Editor’s Note: OurCare/NosSoins is a three-phase research project that aims to gather much-needed answers to Canada’s primary care woes. The following is a report from two volunteers from the OurCare citizen panel in Nova Scotia.
Nova Scotia’s primary health care is in crisis. A sobering indicator is the number of residents in need of a family doctor or nurse practitioner – as of July 2023, some 152,000 Nova Scotians, or 15 per cent of the population, were registered on the Province’s Need a Family Practice Registry, a threefold increase since 2019.
Equally troubling is the added pressure brought about by a growing provincial population, which has increased by 10 per cent since 2017, with most of this growth – about 60 per cent – taking place over the past two years. Some 1,047,000 people now call Nova Scotia home. During roughly the same period, the number of full-time, resident family care physicians has not kept pace. Using the Province’s College of Physicians and Surgeons statistics for active licenses for the above doctors – now totaling 1,160 – we calculate that the net growth of new doctors is less than five per cent (2018 to 2023). The situation may soon get worse as a quarter of these doctors are more than 60 years of age and may be considering or nearing retirement.
To add to the dilemma, there are record vacancies among nurses, paramedics and other allied professionals, worsening access to timely emergency care and forcing closures of emergency departments at rural hospitals. For patients, navigating services is difficult without the guidance of a primary care provider for referrals, direction and preventative medicine and advice. We’ve failed to address critical social and structural determinants of health such that our proactive health-care system has become a reactive “sick-care” system.
Government approaches to date have fallen short regardless of political affiliation. The political debate appears to be so divisive and agenda-laden that policy and action proposals are short-sighted and fail to balance the need to get more primary care doctors to the front line. For instance, the list of residents without a family doctor and the pending doctor shortage has been developing over several years and only recently has reached the limit of critical capacity. So, while encouraging family physicians in Nova Scotia to take on more patients with financial enticements is laudable, it is unclear to what degree this short-term measure can address the large number of residents without a dedicated primary care provider or whether this simply adds administrative burden to practices already heavily subscribed with patients.
Health care is admittedly a political issue but people are tired of a four-year political cycle in health-care programming.
Health care is admittedly a political issue but people are tired of a four-year political cycle in health-care programming. Investments require a much longer time horizon than solutions tied to the next provincial election. Health care, particularly the fundamental primary care element, must be a profoundly non-partisan issue with long-term dependability and predictability in its solutions.
There is hope that it can be.
Despite an increasingly polarized political and societal environment, 34 Nova Scotians representing different backgrounds and circumstances came together to evaluate issues affecting primary health care and reach a consensus on a list of recommendations to be presented to health-care leaders and the provincial government. The highly diverse group found there was far less polarization and much more agreement on issues and could therefore work toward a common view of the way forward.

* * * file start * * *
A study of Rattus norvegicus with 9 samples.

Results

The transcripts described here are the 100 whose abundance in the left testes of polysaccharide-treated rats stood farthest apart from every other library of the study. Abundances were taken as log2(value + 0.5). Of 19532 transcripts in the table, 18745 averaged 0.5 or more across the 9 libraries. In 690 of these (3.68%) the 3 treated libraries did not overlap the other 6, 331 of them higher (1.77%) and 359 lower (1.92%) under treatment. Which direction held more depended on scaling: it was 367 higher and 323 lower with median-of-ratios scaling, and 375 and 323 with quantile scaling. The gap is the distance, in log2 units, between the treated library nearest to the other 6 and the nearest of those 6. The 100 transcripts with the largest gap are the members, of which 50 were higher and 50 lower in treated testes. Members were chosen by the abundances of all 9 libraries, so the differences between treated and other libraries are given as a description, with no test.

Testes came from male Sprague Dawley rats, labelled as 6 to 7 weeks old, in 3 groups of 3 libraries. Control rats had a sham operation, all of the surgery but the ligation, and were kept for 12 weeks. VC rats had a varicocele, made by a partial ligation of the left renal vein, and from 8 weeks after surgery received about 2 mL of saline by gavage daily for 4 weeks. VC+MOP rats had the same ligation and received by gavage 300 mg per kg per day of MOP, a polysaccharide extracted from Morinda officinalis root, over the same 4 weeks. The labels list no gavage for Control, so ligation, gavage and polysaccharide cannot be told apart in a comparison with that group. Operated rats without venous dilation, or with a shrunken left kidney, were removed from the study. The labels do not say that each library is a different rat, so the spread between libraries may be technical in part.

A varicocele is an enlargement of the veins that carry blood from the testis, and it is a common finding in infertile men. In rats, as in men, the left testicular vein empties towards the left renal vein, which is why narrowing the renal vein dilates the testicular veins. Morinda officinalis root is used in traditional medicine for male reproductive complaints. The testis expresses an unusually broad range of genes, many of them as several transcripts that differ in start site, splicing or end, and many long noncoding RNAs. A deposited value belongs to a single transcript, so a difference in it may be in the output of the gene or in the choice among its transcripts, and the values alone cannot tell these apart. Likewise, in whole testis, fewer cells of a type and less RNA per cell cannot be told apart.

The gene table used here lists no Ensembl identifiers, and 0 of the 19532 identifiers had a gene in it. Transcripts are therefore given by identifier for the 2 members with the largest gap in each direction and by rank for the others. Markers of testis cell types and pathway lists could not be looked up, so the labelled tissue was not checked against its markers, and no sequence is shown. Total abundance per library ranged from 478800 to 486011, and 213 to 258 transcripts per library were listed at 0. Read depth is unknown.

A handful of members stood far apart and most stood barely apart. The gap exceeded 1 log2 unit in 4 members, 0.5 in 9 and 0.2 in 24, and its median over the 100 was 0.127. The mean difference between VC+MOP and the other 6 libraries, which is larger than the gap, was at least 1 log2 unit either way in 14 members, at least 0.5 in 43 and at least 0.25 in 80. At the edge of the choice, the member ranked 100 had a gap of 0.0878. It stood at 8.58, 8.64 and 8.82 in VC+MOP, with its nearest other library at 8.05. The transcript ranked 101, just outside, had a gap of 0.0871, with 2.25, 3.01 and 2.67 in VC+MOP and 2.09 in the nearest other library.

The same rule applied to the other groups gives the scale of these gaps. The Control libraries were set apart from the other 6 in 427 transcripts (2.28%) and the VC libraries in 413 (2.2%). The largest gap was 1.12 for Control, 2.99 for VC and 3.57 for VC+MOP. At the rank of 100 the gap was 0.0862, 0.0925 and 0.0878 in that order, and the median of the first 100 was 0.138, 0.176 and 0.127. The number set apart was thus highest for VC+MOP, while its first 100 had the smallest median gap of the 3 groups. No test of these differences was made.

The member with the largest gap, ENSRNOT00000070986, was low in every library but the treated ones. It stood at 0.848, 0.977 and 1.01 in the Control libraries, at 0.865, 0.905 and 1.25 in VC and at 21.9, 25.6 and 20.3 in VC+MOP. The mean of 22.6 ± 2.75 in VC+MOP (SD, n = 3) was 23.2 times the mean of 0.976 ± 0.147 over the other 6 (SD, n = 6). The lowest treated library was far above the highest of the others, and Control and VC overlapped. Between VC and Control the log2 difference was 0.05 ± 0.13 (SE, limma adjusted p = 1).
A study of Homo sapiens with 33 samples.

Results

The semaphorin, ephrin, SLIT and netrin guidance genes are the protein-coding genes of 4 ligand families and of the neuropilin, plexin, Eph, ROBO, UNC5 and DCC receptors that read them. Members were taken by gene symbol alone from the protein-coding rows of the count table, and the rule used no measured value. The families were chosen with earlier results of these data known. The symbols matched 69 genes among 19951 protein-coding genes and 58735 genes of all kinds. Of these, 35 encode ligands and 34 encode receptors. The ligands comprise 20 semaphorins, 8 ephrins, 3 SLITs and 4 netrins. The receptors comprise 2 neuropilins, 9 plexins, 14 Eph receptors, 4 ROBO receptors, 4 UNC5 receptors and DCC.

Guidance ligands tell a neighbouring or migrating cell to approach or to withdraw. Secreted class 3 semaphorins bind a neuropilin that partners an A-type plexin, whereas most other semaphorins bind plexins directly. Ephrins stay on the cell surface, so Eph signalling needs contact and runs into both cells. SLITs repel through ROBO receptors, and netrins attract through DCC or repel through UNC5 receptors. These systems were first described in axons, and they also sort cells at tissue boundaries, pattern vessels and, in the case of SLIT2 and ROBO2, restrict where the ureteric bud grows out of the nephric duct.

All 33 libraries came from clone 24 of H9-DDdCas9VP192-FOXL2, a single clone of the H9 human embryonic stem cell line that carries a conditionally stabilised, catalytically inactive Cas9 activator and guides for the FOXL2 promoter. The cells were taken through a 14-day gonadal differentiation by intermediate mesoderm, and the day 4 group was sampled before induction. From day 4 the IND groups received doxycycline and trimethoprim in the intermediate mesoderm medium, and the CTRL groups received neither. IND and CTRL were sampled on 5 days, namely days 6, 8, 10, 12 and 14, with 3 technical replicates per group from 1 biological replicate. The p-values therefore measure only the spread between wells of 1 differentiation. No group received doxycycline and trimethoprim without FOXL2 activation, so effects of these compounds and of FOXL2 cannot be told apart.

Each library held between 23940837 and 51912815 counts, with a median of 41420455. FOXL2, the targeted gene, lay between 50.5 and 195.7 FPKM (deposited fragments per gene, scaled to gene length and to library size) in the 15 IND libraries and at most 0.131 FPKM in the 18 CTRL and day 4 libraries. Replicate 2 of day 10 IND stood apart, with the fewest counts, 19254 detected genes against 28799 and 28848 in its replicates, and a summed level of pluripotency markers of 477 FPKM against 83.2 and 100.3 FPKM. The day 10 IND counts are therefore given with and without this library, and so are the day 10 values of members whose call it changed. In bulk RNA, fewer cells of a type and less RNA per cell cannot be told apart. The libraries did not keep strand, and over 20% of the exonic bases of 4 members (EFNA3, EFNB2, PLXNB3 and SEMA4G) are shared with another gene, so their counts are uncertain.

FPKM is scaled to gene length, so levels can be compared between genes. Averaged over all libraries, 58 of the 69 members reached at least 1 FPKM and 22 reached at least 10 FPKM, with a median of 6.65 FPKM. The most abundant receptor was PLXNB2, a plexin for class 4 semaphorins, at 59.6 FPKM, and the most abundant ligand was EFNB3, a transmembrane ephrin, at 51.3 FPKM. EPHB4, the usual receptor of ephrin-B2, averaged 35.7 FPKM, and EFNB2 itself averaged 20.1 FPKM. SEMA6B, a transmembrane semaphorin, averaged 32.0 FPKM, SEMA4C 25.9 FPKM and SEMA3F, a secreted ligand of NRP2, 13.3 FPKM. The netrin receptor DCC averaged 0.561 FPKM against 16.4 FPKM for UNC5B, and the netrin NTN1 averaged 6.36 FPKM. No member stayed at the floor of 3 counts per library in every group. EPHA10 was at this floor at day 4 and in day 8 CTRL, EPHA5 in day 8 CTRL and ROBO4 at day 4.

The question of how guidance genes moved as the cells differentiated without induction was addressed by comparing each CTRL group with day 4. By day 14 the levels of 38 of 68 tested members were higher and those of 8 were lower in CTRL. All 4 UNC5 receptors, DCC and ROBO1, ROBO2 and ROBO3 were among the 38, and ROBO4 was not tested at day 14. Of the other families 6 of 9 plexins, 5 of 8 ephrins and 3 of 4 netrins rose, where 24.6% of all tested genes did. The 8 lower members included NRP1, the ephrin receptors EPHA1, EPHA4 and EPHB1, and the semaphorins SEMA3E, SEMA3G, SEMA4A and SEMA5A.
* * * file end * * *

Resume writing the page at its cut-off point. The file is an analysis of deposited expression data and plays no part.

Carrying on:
Among the recommendations are improving the way health records are managed, linked and accessible; developing sustainable delivery models for primary care, particularly in strategically located communities across the province; retaining health-care professionals; expanding primary care; better governance and system oversight; and enabling a better informed public about preventative care and access to the system of primary health care. The full report and list of recommendations can be found here.
It is noteworthy that the efforts of the group, committing numerous hours over a shared concern for health care, were entirely voluntary. The panel was guided by the Our Care project, which is enabling citizen engagement on health care across Canada. Our group learned considerable detail from health-care leaders and practitioners from both within and beyond Nova Scotia and had access to various resource materials on primary care and its challenges.
Two themes emerged from group discussions:
1) Individual differences were outweighed by the common belief that everyone has the right to primary health care and that this must transcend the shorter-term political process: This is a quintessential Canadian value.
2) By focusing on social cohesion rather than division, a group of ordinary citizens constructed intelligent and actionable recommendations to improve health care in ways that transcend polarizing political debate.
The OurCare Panel in Nova Scotia hopes to continue its engagement and is optimistic that the provincial government will enable this going forward. The notion of a province-wide, non-partisan, citizen primary health-care board was raised as one route to ensuring citizen engagement on setting priorities and determining the way forward.
Citizen engagement is vital and necessary to place individual concerns, visions and actions at the forefront of primary health-care planning and delivery for now and into the future. We believe that Nova Scotians want to live their healthiest lives and that this is a right of all residents, regardless of circumstance.